For most Sonoma County residents, the garbage goes into the bin and out the door each week almost as an afterthought.
But for nearly a decade that trash — now at about 235,000 tons a year from homes and businesses, excluding recycled material — has created a major financial dilemma for cities and county government.
Together, they face more than $90 million in liabilities for current and former waste sites and the prospect of a continuing pattern of sharp consumer rate hikes to cover those costs, as well as expenses for recycling and other refuse programs.
The latest solution is a 20-year contract worth more than half a billion dollars that would outsource operations of the solid waste system.
It would give control of the county's troubled 42-year-old central landfill west of Cotati to an Arizona company with $8 billion in annual revenue. But it would keep the site, and the county's five waste transfer stations, in public ownership.
The proposal is being called the largest public-private business deal in county history and is headed to the Board of Supervisors for the first time Tuesday.
The agreement would be the latest example of cash-strapped local government outsourcing what was once a core public service. In the case of landfills, that change in operation and ownership began in the Bay Area and elsewhere many years ago.
Sonoma County's latest move, in fact, is an outgrowth of a controversial and ultimately failed attempt to sell the Mecham Road landfill amid what turned out to be a five-year closure, starting in 2005, resulting from water pollution concerns raised by state regulators.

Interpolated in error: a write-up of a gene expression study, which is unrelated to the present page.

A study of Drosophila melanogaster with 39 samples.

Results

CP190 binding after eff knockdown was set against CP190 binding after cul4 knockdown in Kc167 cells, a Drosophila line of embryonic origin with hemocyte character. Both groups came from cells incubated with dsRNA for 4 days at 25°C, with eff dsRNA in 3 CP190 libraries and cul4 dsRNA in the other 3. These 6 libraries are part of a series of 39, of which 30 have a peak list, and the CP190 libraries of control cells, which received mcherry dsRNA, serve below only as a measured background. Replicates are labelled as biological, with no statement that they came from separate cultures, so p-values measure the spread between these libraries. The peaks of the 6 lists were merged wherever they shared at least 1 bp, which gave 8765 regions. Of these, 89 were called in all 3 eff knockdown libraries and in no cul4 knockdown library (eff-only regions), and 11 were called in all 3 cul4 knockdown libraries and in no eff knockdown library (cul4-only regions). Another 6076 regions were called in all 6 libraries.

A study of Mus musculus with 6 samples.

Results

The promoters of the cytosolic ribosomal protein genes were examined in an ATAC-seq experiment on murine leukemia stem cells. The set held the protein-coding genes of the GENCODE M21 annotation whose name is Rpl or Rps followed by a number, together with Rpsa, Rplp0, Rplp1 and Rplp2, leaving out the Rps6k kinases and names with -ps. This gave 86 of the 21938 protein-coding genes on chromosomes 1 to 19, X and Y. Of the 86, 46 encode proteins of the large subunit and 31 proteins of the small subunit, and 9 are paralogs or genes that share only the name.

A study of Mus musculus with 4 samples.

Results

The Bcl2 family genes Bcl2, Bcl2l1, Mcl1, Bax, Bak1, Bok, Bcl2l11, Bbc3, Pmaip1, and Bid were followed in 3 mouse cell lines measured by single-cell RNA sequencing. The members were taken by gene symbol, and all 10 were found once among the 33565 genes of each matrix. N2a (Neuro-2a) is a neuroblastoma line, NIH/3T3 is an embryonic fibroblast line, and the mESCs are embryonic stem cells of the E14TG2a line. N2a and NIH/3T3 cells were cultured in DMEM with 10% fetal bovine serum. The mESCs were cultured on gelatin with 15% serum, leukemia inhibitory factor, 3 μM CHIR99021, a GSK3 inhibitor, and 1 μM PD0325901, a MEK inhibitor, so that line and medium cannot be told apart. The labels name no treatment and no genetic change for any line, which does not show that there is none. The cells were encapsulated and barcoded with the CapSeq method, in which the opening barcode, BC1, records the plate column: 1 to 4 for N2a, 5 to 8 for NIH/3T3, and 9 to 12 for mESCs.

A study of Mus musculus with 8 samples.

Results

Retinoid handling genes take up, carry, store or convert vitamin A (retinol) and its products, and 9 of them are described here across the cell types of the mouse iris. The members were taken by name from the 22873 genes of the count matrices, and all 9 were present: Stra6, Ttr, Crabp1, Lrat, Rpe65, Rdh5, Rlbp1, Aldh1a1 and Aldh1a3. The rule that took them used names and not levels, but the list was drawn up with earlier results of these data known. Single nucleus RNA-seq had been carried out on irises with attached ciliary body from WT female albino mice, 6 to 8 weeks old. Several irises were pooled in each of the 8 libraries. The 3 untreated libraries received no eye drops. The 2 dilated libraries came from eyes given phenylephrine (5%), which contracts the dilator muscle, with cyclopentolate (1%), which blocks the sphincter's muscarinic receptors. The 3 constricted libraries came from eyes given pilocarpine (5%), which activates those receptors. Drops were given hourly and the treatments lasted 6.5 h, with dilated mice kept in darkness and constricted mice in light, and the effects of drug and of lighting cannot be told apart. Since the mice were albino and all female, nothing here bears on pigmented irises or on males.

The landfill reopened in late 2010, but only to about half the county's waste stream. The rest goes to a Solano County landfill.
The 20-year contract to permanently reopen and expand the dump — a deal worth an estimated $547 million, according to a county consultant — would go to Arizona-based Republic Services, the country's second-largest solid waste firm, with operations in 38 states. The subcontractor in charge of the five waste transfer stations would be the locally based Ratto Group of Companies, the county's dominant trash hauler.
Supporters say private operation stands to succeed where the county couldn't. It would stabilize and cap annual rate increases, settle solid waste liabilities, expand recycling and ensure the existence of an in-county disposal site for at least the next two decades.
"Everything that has gone into this operations agreement has to do with achieving those goals," said Sonoma County Supervisor Shirlee Zane.
Critics, mostly from organized labor, contend it amounts to a lucrative and risky giveaway of a public service to a pair of companies that could run roughshod over the county.
"This is a disaster in the making," said Lathe Gill, area director for Service Employees International Union Local 1021, the county's largest labor group.
The union represents most of the 26 affected county jobs at the landfill. The county has kept positions open in other departments to retain some of those employees while Republic has promised to hire at least 15 of the landfill workers, the majority of them cashiers, on a full-time basis for at least six months. Few if any county layoffs are anticipated.
Still, SEIU representatives have raised serious questions about the labor and environmental record of Republic while other critics have taken aim at the political influence — including more than $20,000 in campaign contributions to county races — that they say factored into the deal.